ECO 301 - Environmental Economics
Environmental Economics. Three semester hours. This course applies the basic analytical tools of economics to explain the interaction between the marketplace and the environment, the implications of that relationship, and an examination of effective solutions. Particular emphasis given to agricultural and other renewable resources.
ECO 302 - Business and Economic Statistics
This course introduces students to descriptive statistics (measures of central tendency and variation and representing data graphically) and statistical inference. Inference will involve sampling techniques, estimation, hypothesis testing and simple regression. Applications emphasize continuous improvement of products and services. Prerequisites: MATH 1325.
ECO 309 - Economic Forecasting
Introduces the student to the economic forecasting approach through which economic theories and policy analysis can be stated and applied. Prerequisites: ECO 2301, 2302; ECO 302.
ECO 331 - Intermediate Macroeconomics
Intermediate Macroeconomics. Three semester hours. (1) An analysis of national income and its components. Emphasis is placed on the relationship between saving, investment, and employment. Prerequisite: ECO 2301.
ECO 332 - Intermediate Micro Economics
Intermediate Micro Economics. Three semester hours. (2) Demand, cost, and supply functions of firms; sources of data for their estimation; functions of prices and markets. Application of principles to empirical problems, decisions, and situations. Prerequisite: ECO 2302.
ECO 428 - GLB/ International Economics/Finance
An analytical approach to assessing and understanding current impacts international economies have on the United States. Emphasis is on gains from trade, economic growth, exchange rates, price formation, trade policy, and political considerations. Prerequisites: Junior standing.
ECO 489 - Independent Study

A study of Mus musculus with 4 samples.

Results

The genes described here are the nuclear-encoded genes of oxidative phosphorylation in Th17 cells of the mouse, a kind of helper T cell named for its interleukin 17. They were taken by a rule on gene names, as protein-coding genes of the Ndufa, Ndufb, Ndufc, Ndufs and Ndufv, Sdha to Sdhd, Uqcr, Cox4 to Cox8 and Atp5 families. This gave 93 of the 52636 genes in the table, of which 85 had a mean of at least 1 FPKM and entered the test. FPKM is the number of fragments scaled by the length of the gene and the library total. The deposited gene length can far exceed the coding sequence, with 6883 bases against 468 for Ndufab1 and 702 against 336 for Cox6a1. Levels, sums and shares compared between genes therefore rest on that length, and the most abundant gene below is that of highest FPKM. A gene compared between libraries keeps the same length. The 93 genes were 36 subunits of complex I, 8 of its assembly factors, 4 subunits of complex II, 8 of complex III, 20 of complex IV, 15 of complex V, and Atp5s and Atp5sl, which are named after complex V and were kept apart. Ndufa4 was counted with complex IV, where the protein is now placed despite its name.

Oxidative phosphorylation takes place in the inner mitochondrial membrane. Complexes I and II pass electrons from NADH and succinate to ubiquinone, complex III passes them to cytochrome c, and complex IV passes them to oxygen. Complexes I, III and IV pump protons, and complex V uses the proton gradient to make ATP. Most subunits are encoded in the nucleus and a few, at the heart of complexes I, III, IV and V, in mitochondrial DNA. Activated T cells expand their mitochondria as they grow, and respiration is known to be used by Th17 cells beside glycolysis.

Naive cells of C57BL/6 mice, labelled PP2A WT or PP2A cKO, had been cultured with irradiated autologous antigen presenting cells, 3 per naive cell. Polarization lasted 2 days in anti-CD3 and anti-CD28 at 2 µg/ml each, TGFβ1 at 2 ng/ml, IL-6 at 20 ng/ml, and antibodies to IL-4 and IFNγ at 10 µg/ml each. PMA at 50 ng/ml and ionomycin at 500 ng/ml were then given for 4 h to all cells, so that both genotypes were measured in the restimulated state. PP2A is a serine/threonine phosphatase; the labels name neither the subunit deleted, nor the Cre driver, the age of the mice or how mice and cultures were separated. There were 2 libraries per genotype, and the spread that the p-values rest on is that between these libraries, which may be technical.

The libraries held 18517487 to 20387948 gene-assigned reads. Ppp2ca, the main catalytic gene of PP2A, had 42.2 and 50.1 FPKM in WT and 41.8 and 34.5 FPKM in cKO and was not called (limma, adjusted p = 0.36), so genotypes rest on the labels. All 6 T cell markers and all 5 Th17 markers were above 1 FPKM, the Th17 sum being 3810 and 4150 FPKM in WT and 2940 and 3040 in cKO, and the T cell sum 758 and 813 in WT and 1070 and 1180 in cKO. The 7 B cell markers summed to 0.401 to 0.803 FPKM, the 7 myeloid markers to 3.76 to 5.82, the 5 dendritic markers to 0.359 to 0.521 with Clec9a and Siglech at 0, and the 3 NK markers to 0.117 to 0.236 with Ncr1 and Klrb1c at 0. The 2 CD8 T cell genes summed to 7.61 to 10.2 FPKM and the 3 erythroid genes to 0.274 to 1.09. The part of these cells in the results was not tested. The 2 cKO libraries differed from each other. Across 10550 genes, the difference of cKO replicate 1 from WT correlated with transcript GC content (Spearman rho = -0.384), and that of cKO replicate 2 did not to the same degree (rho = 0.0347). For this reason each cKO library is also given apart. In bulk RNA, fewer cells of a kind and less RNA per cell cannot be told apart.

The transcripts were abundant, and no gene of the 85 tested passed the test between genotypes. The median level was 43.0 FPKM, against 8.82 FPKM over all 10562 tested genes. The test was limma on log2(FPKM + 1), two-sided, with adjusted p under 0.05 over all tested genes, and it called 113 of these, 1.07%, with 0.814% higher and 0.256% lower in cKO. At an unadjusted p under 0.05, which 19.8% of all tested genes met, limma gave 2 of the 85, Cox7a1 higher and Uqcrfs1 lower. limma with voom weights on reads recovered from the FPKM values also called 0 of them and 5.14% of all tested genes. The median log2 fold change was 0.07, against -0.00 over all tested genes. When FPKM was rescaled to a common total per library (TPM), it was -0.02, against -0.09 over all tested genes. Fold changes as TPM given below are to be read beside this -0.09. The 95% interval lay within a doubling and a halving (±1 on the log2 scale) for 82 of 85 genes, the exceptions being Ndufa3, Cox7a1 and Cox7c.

Independent Study. One to four semester hours. Individualized instruction/research at an advanced level in a specialized content area under the direction of a faculty member. May be repeated when the topic varies. Prerequisite: Consent of department head.
ECO 490 - H Honors Thesis
Honors Thesis in Economics. Three semester hours. This course satisfies the requirements for honors thesis and oral examination on the student's chosen topic.
ECO 491 - H Honors Readings
Honors Readings in Economics. Three semester hours. This course satisfies the requirements for honors readings in economics on the student's chosen topics.
ECO 497 - Special Topics
Special Topics. One to four semester hours. Organized class. May be repeated when topics vary.
ECO 1307 - Economics of Personal Finance
The course is designed to help students become prepared for a financially challenging world and to introduce the concepts and methods of personal financial planning. The financial planning process, the time value of money, taxation, credit, housing insurance, employee benefits, family economics and building a personal financial plan will be explored. The course is designed to integrate subject matter into a comprehensive format enabling students to understand and demonstrate the ability to develop a personal financial plan and to increase financial literacy. Special Projects include the students reviewing their credit report, creating a debt repayment plan, monitoring their spending habits, identifying their retirement needs.
ECO 2301 - GLB/US-Prin Macro Economics
Introduces the student to the workings and interrelationships of the U.S. and world economics. Principles of economic analysis including measurement of aggregate economic activity, national income determination, money and banking, monetary and fiscal policy, and business fluctuation. Emphasis is given to analyzing real world problems such as poverty, inflation, unemployment, and economic instability.
ECO 2302 - Principles of Micro Economics
Principles of Micro Economics. Three semester hours. Introduces the student to the basic concepts and tools of analysis in microeconomics. Focuses on the operation of markets, with emphasis placed on the analysis of current problems such as health care, the environment, crime, education and regulatory reform. A major concern is how prices of individual goods and services are determined and how prices influence decision making.